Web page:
Friday, 14 August 2015

Pants birding

On Monday I spent a few hours grilling the fields and hedgerows at Canons Farm. It was eerily quiet, not even a 'hweet' or 'hoo-eet' from a Chiffchaff or Willow Warbler to be heard. I almost cheered when a Whitethroat broke cover. My skywatching revealed nothing, apart from the fact that a few corvids and gulls were bothering to move, and even they were doing so half-heartedly. I returned home with the thought that at least I had made the effort.

This afternoon I returned, hopeful that the odd migrant would be lurking - after all, Tree Pipit, Reed Bunting and Curlew had all been recorded there mid-week, and are all good local birds. But a steady drizzle greeted me and the fields and hedgerows did a repeat performance from Monday (although to be honest a single Chiffchaff did call). I wandered lonely as a very damp cloud, my enthusiasm waning with every passing minute. I don't mind birding without highlights, I just like to have something to look at! I was desperate, so started to scan the Carrion Crows and Jackdaws, I grilled the Woodpigeons sitting on wires, I ogled a Dunnock that was stupid enough to show itself. This is not birding made of legend. It was pants.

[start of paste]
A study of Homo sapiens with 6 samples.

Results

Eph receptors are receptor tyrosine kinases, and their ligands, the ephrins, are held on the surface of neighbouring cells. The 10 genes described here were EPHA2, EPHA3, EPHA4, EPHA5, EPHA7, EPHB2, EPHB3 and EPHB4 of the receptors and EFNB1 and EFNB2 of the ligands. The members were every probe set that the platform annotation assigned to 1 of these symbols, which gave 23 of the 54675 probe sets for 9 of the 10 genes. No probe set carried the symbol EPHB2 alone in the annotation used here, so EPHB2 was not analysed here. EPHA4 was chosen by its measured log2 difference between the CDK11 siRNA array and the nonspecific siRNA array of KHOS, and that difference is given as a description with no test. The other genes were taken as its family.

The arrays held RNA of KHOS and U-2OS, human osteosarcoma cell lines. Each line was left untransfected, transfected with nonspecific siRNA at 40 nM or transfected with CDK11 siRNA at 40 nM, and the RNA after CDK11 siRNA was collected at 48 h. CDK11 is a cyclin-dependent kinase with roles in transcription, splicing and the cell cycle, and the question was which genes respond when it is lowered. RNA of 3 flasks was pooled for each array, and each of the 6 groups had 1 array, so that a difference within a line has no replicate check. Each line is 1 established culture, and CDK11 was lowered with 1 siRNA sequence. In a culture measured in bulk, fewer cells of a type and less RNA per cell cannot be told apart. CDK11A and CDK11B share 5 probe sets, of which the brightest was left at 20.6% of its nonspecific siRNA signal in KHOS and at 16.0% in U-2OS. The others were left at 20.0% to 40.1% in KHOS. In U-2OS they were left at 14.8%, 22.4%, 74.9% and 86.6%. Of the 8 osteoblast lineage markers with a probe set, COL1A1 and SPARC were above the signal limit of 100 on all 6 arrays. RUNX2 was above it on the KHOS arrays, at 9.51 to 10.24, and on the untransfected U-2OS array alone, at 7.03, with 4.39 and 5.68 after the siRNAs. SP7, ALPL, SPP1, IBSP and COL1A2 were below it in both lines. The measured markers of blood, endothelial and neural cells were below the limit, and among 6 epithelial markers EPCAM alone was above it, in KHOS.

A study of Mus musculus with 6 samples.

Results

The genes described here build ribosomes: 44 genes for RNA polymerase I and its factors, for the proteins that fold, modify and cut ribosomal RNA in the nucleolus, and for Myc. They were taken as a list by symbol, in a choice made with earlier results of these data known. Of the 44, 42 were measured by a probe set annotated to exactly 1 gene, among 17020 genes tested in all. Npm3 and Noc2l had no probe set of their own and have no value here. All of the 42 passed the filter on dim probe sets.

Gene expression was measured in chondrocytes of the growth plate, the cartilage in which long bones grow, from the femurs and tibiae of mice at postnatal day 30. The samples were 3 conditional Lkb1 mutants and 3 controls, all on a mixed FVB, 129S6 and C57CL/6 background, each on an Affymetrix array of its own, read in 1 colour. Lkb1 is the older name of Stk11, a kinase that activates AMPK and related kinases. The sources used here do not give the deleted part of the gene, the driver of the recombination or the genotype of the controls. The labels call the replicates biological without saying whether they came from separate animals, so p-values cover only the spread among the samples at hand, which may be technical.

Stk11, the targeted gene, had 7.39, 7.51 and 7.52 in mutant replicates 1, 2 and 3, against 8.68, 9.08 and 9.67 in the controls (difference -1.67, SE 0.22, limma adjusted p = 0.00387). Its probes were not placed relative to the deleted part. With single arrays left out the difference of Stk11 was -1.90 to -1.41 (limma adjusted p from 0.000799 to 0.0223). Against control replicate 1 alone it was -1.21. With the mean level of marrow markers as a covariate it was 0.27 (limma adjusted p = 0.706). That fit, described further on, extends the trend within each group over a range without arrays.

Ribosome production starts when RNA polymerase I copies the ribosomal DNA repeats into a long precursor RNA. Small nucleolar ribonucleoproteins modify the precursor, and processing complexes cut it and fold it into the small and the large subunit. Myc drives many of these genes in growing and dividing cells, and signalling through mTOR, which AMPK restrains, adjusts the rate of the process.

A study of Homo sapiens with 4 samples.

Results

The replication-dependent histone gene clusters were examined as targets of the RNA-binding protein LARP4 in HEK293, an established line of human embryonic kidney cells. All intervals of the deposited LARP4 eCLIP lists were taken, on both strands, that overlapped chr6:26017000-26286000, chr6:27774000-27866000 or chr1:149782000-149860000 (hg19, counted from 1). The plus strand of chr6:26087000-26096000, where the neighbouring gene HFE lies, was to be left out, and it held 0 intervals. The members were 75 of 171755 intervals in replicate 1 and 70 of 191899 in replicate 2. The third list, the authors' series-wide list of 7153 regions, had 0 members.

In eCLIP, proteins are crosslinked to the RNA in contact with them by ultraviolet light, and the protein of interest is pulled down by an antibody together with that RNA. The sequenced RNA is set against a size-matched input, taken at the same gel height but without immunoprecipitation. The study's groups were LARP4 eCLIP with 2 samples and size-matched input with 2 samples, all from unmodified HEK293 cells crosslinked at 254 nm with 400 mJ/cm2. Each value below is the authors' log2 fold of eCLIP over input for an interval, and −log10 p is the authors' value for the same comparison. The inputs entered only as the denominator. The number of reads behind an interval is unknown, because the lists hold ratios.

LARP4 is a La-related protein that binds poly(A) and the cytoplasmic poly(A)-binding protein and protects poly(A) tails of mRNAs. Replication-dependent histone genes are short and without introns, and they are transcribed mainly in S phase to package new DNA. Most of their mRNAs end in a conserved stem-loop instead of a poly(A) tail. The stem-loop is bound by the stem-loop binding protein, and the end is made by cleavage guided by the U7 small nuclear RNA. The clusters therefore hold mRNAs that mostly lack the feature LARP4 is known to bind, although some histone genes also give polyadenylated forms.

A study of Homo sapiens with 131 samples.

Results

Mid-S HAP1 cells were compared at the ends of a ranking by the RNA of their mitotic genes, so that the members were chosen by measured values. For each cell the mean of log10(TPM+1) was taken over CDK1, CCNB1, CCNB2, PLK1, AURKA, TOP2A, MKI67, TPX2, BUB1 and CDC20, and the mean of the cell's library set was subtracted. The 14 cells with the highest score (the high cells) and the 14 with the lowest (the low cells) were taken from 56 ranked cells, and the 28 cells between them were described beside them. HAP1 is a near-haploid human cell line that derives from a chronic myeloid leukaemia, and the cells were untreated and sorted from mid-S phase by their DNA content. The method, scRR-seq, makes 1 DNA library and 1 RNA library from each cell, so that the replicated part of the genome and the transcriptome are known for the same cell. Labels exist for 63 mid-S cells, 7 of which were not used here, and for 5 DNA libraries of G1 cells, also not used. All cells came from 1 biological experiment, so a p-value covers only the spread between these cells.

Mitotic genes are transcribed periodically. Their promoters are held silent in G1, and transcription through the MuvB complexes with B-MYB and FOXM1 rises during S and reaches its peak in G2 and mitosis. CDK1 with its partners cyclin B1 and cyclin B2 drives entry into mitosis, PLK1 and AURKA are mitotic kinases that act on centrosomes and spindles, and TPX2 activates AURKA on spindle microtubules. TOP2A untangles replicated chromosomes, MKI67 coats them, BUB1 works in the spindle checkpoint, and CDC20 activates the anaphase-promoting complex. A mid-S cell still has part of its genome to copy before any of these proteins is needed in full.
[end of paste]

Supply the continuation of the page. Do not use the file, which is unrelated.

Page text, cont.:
I'm a great believer in taking the rough with the smooth; that you remember your good days because of your bad days; that you are a minute closer to seeing that good bird or avian spectacle; and the more you bird the luckier you get. But sometimes - just sometimes - it can be hard to accept. Of course, I'll be over there again in the next few days, because you just never know...

4 comments:

  1. Much the same here today Steve, but right at the death a Whinchat turned up...............fantastic!